Nicholas Zhu recently took a critical writing seminar course, where they were assigned to use online sources as models for a piece. He chose Green Philly (how awesome!) to discuss climate change and vacations. Here’s his article.  

    Vacations are a time of relaxation. They’re our precious opportunity to enjoy an absence of pressing obligations. But time spent on vacation can also be viewed as an opportunity to learn without the burden of deadlines or grades instead of a chance to block out the surrounding world.

    Tourists often view destinations as locations frozen in time. In direct contrast from their daily lives, they live only in the present, enjoying today’s weather and today’s view before going home without a second thought.

    As tourists, we should be obliged to acknowledge the past and possible futures of our destinations. Of those who witness towering Alaskan glaciers from cruise ships, how many of them are aware that glacial melting directly contributes to flooding in Oakland California? For those who shower in the cascades of Niagara Falls, how many of them are cognizant that a 3-4 oF rising in the local annual temperatures will completely transform the local environment in merely 35 years?

    Over Spring Break, I visited Hawaii for the first time. When I exited the airplane after an eleven-hour flight and three Marvel movies, I was ready for a chill time, beautiful beaches, awesome views, and perhaps a coconut water or two. I knew that our tour guides were technically supposed to talk about agriculture in Hawaii, but I thought these were code words for “we’re going straight to the beach.

    I was wrong. Not about the beach: we did go straight to the beach. I was wrong about the experience.

    Our travel group spent a fair amount of time in Waikiki, aka a fairy-tale land. The water is robin-egg blue. Beneath lies rainbow reefs teeming with turtles and fish. Behind the gleaming beaches awaits a wall of money-magnet stores: Louis Vuitton, Rolex, Armani Exchange, Banana Republic, Macy’s, Gucci, it goes on. But behind this curtain of glamour, a critical aspect of Hawaii is hidden from view. Nowhere is it acknowledged that everything could be gone in a matter of years.

    What Lessons I Learned about Climate Change on my Hawaiin Vacay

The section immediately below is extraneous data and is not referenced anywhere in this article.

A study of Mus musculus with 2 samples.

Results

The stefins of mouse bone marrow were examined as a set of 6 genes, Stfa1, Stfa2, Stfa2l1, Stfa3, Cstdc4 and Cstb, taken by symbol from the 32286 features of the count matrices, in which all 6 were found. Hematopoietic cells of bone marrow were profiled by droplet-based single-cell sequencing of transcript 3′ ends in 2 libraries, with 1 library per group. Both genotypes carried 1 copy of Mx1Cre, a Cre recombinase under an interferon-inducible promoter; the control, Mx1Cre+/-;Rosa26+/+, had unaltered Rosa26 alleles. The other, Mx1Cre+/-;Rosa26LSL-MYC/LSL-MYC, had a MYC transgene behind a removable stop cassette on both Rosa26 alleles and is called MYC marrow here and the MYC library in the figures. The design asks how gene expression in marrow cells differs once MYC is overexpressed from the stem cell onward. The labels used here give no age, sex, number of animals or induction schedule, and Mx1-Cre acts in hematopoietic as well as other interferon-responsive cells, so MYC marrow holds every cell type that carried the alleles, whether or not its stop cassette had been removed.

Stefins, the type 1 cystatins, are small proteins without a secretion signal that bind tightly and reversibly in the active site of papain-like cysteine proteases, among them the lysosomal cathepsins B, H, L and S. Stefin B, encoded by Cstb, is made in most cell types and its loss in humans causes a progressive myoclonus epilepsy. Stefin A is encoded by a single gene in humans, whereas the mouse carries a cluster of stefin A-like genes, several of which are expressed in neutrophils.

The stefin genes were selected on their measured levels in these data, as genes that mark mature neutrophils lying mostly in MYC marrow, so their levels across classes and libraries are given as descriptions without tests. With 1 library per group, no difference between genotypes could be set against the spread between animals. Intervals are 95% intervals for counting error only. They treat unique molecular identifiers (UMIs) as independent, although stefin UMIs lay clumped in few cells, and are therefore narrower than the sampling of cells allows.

Our guides were honest. Hawaii happens to be on the border of two atmospheric convection cells that circulate air around the globe. Because of climate change, these cells are shifting south, and Hawaii will soon be within a different cell. This will reverse the wind direction and subsequently reverse the precipitation patterns that are essential to Hawaiian agriculture.

    The University of Hawaii has conducted a study that predicts an overall decrease in precipitation levels across all the islands. By 2020, the wet rainforests on the eastern shore might not get steady precipitation anymore. By 2030, those iconic pina coladas might be made from Brazilian pineapples. Hawaii imports about 90% of its food, and yet many tourists blindly view Hawaii as a self-sustainable haven of edible resources.

    This sounds pretty bad. Why isn’t there an active discussion going on?

    Bliss and learning aren’t mutually exclusive. Vacation vibes aren’t ruined by discussions of sustainability. In my opinion, they’re enhanced. Because my time in Waikiki made me more aware of Hawaii’s vulnerability, my experience became a life highlight as opposed to a slowly withering memory.

    On your next vacation, whether it be in Hawaii, Alaska, Spain, Thailand, or 20 minutes away, I hope you have a memory of reading this, and I hope you acknowledge that the forces of climate change may make it impossible to revisit your vacation location.


    About Nicholas Zhu

    Nicholas Zhu is college student entering his Sophomore Year at the University of Pennsylvania. As a relatively new resident of Philadelphia, his favorite activities are jogging through Center City and playing frisbee on the banks of the Schuylkill River.